Futures steady in electronic era

Computer algorithms are not causing increased volatility, study concludes

CHICAGO, Ill. (Reuters) — Futures contracts have remained largely stable in the face of increased participation from high-speed and algorithmic traders often blamed for roiling markets, according to a new study.

The study, released by the Futures Industry Association, examined volatility from 2006 to 2011 in 15 futures contracts traded on platforms run by CME Group Inc., IntercontinentalExchange Inc., Deutsche Boerse AG’s Eurex and NYSE Euronext’s Liffe. The exchange operators sponsored the study.

It found there is “no evidence to suggest that realized return volatility in electronically traded futures markets has changed through time.”

High-frequency traders are often blamed for increasing volatility because they use computer algorithms to dart in and out of markets faster than the blink of an eye.

“We now have empirical evidence that volatility in the futures markets has neither increased nor decreased once the effects of macro-economic shocks are removed,” said Walt Lukken, president of the futures association.

Conducted by two professors from Vanderbilt University, the study’s release comes as the prevalence of high-frequency trading is fueling concerns about the fairness of markets.

High-frequency trading accounted for more than 60 percent of all futures volume last year on U.S. exchanges, according to the Tabb Group, a New York industry research company.

Risks associated with the practice first drew wide attention after the stock market’s “flash crash” of 2010, when the Dow Jones Industrial Average dropped 700 points within minutes. The fall was exacerbated by high-frequency traders unloading their inventory of securities at the depth of the plunge.

CME Group, which owns the Chicago Board of Trade and the New York Mercantile Exchange, said the study showed the benefits of high-frequency trading.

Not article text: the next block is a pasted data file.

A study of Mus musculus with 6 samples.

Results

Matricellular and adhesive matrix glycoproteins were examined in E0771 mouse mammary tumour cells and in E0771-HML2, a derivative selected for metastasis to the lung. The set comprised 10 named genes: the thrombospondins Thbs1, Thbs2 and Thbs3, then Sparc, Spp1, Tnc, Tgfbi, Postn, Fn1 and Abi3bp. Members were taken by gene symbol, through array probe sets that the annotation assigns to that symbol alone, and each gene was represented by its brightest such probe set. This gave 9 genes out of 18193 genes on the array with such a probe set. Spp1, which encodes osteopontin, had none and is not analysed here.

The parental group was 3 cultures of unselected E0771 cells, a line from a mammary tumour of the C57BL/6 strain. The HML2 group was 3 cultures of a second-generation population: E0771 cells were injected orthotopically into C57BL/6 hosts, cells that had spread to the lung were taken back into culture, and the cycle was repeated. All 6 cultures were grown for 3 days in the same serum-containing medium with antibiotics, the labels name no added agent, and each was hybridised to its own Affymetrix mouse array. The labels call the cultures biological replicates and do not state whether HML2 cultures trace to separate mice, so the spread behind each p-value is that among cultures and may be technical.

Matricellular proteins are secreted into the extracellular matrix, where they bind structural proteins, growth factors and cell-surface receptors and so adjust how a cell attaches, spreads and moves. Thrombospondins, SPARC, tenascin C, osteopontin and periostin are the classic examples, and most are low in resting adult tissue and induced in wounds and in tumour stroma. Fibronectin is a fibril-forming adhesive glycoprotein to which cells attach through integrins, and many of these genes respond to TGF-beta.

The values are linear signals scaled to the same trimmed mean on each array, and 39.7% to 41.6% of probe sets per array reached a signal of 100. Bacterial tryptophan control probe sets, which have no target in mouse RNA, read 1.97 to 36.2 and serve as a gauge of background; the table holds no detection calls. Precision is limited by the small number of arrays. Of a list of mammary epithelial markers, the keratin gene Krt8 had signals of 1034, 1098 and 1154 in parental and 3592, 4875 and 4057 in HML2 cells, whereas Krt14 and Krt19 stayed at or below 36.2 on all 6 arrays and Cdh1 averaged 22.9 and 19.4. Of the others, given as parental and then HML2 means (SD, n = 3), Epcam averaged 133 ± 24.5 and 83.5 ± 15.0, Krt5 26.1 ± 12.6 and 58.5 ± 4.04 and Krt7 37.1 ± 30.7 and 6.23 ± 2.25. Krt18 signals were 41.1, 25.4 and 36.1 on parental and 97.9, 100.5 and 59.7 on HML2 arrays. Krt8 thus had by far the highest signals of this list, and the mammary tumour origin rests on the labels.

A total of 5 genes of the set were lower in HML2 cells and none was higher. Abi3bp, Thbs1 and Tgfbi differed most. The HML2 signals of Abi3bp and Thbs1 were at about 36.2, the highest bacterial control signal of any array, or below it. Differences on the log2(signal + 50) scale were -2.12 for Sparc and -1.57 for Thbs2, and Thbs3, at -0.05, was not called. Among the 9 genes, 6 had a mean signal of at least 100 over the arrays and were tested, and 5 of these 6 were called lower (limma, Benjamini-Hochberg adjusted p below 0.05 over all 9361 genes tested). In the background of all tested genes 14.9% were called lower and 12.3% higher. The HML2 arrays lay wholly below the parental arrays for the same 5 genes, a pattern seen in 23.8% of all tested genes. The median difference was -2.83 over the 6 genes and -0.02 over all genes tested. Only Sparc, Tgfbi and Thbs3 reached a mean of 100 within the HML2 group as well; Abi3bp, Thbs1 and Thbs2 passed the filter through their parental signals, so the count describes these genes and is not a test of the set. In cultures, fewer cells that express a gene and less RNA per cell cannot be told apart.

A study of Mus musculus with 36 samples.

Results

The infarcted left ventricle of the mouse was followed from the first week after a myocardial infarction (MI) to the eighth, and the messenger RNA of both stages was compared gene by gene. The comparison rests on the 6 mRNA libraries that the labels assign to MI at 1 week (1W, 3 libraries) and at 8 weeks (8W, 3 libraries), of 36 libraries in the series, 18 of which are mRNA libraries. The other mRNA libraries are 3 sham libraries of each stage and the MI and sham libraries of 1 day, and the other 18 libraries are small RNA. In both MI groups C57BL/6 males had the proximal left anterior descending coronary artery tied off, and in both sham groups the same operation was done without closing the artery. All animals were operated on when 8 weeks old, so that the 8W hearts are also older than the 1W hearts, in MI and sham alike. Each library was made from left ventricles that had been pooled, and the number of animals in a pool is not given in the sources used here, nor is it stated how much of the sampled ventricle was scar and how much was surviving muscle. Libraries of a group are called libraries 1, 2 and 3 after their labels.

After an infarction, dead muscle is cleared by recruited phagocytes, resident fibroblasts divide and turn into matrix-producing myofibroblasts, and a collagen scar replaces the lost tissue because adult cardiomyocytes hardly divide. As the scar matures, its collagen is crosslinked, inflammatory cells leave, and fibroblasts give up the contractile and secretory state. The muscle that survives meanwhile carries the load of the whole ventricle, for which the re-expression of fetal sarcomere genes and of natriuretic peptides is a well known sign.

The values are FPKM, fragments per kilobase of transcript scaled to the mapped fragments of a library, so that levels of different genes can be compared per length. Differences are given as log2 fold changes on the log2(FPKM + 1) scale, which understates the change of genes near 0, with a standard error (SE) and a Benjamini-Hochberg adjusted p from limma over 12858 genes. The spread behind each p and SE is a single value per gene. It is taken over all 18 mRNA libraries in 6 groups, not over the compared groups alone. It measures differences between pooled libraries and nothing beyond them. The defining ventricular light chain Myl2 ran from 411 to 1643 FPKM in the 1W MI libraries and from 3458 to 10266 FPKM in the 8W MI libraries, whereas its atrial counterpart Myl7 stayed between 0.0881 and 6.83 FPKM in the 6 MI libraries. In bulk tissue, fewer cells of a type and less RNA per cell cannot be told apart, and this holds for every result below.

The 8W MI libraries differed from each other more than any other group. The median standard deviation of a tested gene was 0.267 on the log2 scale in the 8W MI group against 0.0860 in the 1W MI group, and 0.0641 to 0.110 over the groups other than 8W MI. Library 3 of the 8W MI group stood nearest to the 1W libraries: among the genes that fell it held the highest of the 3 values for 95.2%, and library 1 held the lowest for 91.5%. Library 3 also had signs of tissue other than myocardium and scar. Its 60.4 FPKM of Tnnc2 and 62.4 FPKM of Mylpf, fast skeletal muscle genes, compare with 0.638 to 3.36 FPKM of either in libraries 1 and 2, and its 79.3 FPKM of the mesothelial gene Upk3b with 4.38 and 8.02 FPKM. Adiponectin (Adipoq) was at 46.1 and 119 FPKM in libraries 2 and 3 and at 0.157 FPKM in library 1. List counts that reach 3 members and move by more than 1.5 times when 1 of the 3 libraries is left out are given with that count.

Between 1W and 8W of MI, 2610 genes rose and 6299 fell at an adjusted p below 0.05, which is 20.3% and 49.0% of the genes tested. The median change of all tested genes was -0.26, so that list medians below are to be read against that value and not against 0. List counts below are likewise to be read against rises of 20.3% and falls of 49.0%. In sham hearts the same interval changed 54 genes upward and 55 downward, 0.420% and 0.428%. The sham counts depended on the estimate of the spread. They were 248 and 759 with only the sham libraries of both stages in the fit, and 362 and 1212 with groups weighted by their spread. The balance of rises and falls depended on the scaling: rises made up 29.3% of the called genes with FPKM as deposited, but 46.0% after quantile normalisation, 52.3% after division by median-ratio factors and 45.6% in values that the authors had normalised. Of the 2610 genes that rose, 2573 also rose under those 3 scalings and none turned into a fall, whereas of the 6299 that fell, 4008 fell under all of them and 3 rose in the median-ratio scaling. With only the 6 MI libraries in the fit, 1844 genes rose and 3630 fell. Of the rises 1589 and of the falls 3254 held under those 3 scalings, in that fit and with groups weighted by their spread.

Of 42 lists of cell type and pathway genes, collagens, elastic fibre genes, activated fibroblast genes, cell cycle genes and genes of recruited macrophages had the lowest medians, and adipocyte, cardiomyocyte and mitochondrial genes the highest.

“This is an important study demonstrating, as many others have already done, that high frequency trading does not increase volatility, but rather serves as an important provider of liquidity for the marketplace,” CME spokesperson Laurie Bischel said.

The study used two benchmarks to assess intraday volatility in the 15 futures contracts, which included seven interest rate contracts, five equity index contracts, two crude oil contracts and one sugar contract.

The study does not draw a definitive connection between the rise of high-frequency trading (HFT) and steady volatility in the contracts, said Charles Jones, a finance professor at Columbia University’s business school.

It was “not really looking at HFT per se, but just looking at the broad arc in terms of the behavior over time,” he said. “What they’re saying is, taken together, all the changes we’ve seen in markets haven’t in-creased volatility.”

The most natural conclusion is that the increase in high-frequency and algorithmic trading did not impact volatility, said Terrence Hendershott, an associate professor at the University of California at Berkley.

“If HFTs caused a big problem, you would expect to see a lot of ready evidence of it. And they don’t find it.”